Same-sex marriage, frac sand regulations, and Ellison confronts Hannity
ST. PAUL, Minn. — Today on the MPR News Update: detailed stories about a possible frac sand mining moratorium, the overpumping of Minnesota waters, why Minnesota schools don't want the state to pay them back - just yet, Best Buy lays off 400 workers and Keith Ellison ventures into the ion's den.. But first, same-sex marriage:
SAME-SEX MARRIAGE BILL: Legislation to legalize same-sex marriage in Minnesota is being announced this morning during a state Capitol news conference. Formal introductions of the bill in the House and Senate will come a day later. An advisory from the group Minnesotans United said the bipartisan legislation will be co-authored by Sen. Branden Peterson, R-Andover. The chief authors are Sen. Scott Dibble, DFL-Minneapolis, and Rep. Karen Clark, DFL-Minneapolis. We'll have more coverage of these developments later today on the website.
VIDEO: ELLISON VS HANNITY: Keith Ellison, one of the most liberal Democrats in the U.S. House, went into the lion's den on Tuesday night, appearing on conservative commentator Sean Hannity's television show on Fox News. The pair were supposed to discuss the coming automatic, across-the-board budget cuts that begin March 1. Ellison fired the shot first, calling Hannity, "the worst excuse for a journalist I've ever seen." Hannity called Ellison, "a total waste of time." Watch the video by clicking here.
ILLEGAL PUMPING: Despite the drought, over the last six years, hundreds of individuals, businesses and even state government agencies have pumped more water out of the ground than their permit allows, according to state Department of Natural Resources records. The violations come from nearly every category of water user: cities, crop irrigators, power companies, private businesses, golf courses, schools, government agencies, even a church. All have a state permit. But violators face few consequences for these misdemeanor violations. DNR officials admit they don't spend much time enforcing permit limits.
FRAC SAND MORATORIUM: A state Senate committee on Tuesday approved a statewide moratorium on new frac sand mining, despite warnings from industry officials that the legislation would stifle job growth and put Minnesota at a competitive disadvantage with its neighbor, Wisconsin. The measure also includes a production tax to pay for things like damaged roads, requires the state to prepare a generic Environmental Impact Statement and creates a board in southeastern Minnesota that would address concerns about silica sand mining.
SCHOOL REPAY: To make up for budget shortfalls, Minnesota lawmakers delayed $1.1 billion in payments to schools in recent years. Some lawmakers are calling for the state to deliver the payments in full this year. But school administrators they'd rather receive an increase in funding from the state this year, and have their IOU paid back over the next several years.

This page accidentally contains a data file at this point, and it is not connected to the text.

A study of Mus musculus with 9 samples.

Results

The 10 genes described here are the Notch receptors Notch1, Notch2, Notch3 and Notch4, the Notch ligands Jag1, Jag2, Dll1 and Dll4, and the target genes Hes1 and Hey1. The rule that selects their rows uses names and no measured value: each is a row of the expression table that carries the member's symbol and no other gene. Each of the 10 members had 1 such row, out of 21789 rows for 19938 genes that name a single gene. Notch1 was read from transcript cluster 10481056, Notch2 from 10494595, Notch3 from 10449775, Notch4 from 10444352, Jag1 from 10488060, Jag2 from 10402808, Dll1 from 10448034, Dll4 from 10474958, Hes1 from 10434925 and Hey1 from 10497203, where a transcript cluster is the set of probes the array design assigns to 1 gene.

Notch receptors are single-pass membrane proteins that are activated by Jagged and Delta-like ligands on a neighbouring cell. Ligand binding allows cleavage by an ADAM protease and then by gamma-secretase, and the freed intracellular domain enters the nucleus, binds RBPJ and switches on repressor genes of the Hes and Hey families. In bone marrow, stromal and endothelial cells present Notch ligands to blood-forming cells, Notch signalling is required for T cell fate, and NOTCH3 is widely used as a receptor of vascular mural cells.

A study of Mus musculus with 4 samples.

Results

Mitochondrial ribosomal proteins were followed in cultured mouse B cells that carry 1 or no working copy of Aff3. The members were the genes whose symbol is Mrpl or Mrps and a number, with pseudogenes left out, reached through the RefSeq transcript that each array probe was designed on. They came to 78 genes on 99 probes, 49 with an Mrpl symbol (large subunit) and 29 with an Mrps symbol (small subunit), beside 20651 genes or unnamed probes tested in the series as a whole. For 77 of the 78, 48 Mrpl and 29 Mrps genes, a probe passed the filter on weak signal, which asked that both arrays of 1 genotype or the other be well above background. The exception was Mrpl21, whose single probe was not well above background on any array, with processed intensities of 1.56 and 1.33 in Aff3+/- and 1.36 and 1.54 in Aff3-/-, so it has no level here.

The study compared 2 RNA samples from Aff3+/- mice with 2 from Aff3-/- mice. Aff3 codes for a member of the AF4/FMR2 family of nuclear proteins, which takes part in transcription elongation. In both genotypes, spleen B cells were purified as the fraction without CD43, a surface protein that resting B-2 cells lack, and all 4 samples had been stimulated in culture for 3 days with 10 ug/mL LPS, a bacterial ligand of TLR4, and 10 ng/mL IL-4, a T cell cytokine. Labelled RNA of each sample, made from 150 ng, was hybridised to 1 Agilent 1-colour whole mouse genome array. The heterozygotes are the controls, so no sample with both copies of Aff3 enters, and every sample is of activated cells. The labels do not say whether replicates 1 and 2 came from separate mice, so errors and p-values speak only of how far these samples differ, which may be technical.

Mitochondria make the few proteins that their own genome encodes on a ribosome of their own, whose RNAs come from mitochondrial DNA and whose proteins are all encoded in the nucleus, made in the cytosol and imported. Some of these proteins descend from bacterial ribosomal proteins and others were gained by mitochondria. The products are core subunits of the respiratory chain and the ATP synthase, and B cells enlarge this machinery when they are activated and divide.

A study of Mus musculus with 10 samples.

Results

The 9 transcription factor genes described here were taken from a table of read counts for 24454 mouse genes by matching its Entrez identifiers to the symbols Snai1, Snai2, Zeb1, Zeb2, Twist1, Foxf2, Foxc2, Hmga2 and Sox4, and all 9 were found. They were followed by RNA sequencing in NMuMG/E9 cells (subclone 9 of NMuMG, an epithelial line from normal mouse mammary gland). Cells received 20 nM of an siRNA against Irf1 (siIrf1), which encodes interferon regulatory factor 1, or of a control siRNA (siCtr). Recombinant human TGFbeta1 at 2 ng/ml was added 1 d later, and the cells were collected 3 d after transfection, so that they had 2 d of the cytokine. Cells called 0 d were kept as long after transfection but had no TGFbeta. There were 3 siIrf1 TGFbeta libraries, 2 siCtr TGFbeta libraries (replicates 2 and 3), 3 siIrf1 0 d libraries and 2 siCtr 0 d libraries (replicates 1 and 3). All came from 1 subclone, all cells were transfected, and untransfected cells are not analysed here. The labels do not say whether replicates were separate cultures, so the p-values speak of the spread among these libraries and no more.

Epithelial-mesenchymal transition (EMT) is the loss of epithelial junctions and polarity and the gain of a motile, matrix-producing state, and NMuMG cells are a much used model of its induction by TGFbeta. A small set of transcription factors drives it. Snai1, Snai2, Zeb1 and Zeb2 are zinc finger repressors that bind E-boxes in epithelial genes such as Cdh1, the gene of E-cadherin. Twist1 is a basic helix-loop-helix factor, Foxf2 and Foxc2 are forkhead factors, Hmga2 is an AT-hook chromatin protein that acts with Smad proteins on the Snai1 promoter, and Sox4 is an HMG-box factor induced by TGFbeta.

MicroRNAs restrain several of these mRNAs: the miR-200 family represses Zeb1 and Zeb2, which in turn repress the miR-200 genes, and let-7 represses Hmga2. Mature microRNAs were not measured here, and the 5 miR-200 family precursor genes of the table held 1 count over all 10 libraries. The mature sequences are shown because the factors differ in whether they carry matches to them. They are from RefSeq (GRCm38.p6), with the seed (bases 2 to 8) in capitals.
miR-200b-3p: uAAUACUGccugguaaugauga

BEST BUY: Best Buy is eliminating 400 jobs, most in Minnesota, and the struggling consumer electronics retailer says there'll be further cost-cutting. The announcement comes just two days before founder Richard Schulze faces another deadline for making a bid for the company.
OBESITY MYTHS: A recent study published by the New England Journal of Medicine lists seven myths about obesity. All Things Considered's regular medical analyst Dr. Jon Hallberg said the article has stirred up controversy online, as many of the authors have disclosed conflicts of interest.
STRIKE: Private security officers in the Twin Cities have launched a strike against a half dozen companies that offer services to some of the state's most prominent companies. It's the latest in a string of labor-related issue in the metro.
BEATING INDIANA: Trevor Mbakwe had 21 points and 12 rebounds to help Minnesota take down No. 1 Indiana 77-73 on Tuesday night, the seventh time the top-ranked team in The Associated Press' poll has lost a game this season.
ENCOURAGED SUICIDE RULING: Prosecutors say a former Minnesota nurse convicted of going online and encouraging two people to kill themselves was not exercising his right to free speech. Fifty-year-old William Melchert-Dinkel was convicted in 2011 of two counts of aiding suicide.
WOUNDED KNEE: American Indian activists took over the tiny village of Wounded Knee on South Dakota's sprawling Pine Ridge Indian Reservation on Feb. 27, 1973, in what would become a 71-day, fatal standoff with FBI agents that attracted national attention to the impoverished reservation and the plight of local tribes. On Wednesday, the occupation's 40th anniversary, some of the protest's central figures -- most notably the American Indian Movement's charismatic leader, the late Russell Means -- will be noticeably absent from a commemoration at the reservation. But organizers hope the events remind people of the struggles that led to the standoff and problems still reverberating throughout Indian Country, as well as changes the protest helped spark.
FAMILY REUNIFICATION: Lawmakers are considering a bill that would give some parents who lost custody of their children years ago a chance to reunify with them. Advocates say only a small number of teens living in foster care could be affected by the Family Reunification Act, but that it could make a great difference for those motivated parents who have dealt with their problems and whose children want to go home again.
CLIMATE SCIENCE: Bill McKibben, environmental journalist and founder of 350.org and J. Drake Hamilton of Fresh Energy, spoke Feb. 20, 2013 at the University of St. Thomas on "Celebrating and Preserving Winter: Responding to Climate Change in Minnesota and Wisconsin. Listen here to what they had to say.